Break out the LPs or start up your favorite music streaming service to celebrate African-American Music Appreciation Month. Mix up your favorite playlists with some of these African American icons who influenced music across the board.
Fats Domino was a pioneer of R&B and rock and roll. He was born and raised in New Orleans, performing in local bars when he was just 14 years old. Elvis Presley considered Domino “the real king of rock and roll,” as Domino was performing that style of music long before it became mainstream. Rolling Stone ranked him number 25 on its 2004 list “100 Greatest Artists of All Time.”
Make sure to put these four Grammy Hall of Fame records in your playlist:
- “Blueberry Hill”
- “Ain’t It a Shame”
- “Walking to New Orleans”
- “The Fat Man”
Ellington’s career spanned more than five decades, during which he transformed orchestra, swing and jazz. He was known for not conforming to a preconceived notion of music. It’s estimated that he wrote over 2,000 songs, many of which have become standards. He’s considered one of the greatest jazz composers and bandleaders of his time.
Jackson was the first gospel recording artist to tour Europe. She came to fame at a time when many artists dealt with racial segregation. At John F. Kennedy’s inaugural ball, she sang the national anthem. Her genre was gospel, even though she had opportunities to record secular music. Still, she inspired many secular musicians, including Aretha Franklin, Donna Summer and Ray Charles. Her rendition of "His Eye Is on the Sparrow" from 1958 was inducted into the Grammy Hall of Fame in 2010.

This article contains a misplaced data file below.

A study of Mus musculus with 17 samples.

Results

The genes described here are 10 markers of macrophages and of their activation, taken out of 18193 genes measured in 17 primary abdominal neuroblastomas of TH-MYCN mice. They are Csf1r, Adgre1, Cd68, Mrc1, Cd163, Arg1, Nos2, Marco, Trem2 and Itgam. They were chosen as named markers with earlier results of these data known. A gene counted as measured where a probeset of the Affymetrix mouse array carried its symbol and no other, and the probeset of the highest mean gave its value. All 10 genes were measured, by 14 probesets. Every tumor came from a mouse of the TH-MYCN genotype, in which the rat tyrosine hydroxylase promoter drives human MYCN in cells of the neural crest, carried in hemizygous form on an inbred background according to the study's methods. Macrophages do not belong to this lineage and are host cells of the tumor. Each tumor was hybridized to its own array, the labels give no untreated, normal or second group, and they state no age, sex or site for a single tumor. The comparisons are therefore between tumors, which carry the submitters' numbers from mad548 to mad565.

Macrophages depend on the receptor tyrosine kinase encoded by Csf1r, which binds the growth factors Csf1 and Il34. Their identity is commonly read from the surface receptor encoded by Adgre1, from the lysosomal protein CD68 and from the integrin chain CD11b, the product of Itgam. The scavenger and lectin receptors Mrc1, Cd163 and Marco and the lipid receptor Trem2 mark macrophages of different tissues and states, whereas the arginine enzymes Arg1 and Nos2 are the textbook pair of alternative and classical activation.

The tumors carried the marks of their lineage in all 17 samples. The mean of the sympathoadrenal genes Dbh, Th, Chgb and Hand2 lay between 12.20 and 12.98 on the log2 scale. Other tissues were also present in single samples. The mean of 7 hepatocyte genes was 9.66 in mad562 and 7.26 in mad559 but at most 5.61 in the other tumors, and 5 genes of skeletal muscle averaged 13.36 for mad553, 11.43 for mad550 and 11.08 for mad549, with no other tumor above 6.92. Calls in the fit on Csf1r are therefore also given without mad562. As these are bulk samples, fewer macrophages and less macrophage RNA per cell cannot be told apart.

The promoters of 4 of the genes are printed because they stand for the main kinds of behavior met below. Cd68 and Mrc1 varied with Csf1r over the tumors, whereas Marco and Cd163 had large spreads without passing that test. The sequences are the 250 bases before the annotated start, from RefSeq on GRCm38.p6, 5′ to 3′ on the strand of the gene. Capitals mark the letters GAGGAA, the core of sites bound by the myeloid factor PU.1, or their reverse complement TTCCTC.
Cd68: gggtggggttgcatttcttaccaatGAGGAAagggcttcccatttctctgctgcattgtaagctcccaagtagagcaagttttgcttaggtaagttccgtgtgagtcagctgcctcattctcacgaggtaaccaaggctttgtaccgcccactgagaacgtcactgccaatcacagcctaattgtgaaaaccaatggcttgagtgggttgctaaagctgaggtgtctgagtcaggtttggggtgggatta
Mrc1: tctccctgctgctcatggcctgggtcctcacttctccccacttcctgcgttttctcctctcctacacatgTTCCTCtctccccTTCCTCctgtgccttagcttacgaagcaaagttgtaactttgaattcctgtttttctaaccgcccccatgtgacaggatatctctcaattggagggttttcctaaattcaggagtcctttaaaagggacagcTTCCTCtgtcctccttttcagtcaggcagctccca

This singer, songwriter and guitarist came on the music scene in the 1950s. Reportedly, Ed Sullivan thought he wouldn’t last six months, but Diddley went on to have an illustrious career that influenced many artists in blues, hip-hop, rock and pop music. He was known for using African rhythms and technical innovations. Diddley is considered one of the founding fathers of rock and roll, a true musical pioneer.
Lady Ella, aka Queen of Jazz, debuted in 1934 at the Apollo Theater in one of its early amateur nights. She would go on to have a six-decade career as a singer who influenced many of today’s most popular female artists. She also appeared in many movies and made guest appearances on the musical variety shows of the 1960s and 1970s. Her voice was amazing, known for its purity of tone. She appeared in a Memorex commercial in which she sings a note that shatters a glass.
Sister Rosetta Tharpe
The role of the father of rock and roll is up for debate, but the godmother of rock and roll is Sister Rosetta Tharpe, a gospel singer who was a pioneer in guitar techniques. She made gospel music mainstream, influencing artists who performed jazz, gospel and rock. “Strange Things Happening Every Day,” a 1945 hit that featured her on vocals, was the first gospel record to cross over to the Billboard charts. In her time, it was almost unheard of for a woman to play electric guitar, but the mainstream names of rock and roll, Elvis Presley, Chuck Berry and even Johnny Cash, were all inspired by Tharpe.
Stretch Your Playlist
Many people go through life listening to one type of music without reaching across genres. Music becomes more alive when we recognize how different artists impacted the music scene. This is just a short list of some of the music icons who transcended musical boundaries to inspire millions of people around the world. Take an hour or so each week to dig deeper into the heritage of music to appreciate the pioneers of sound.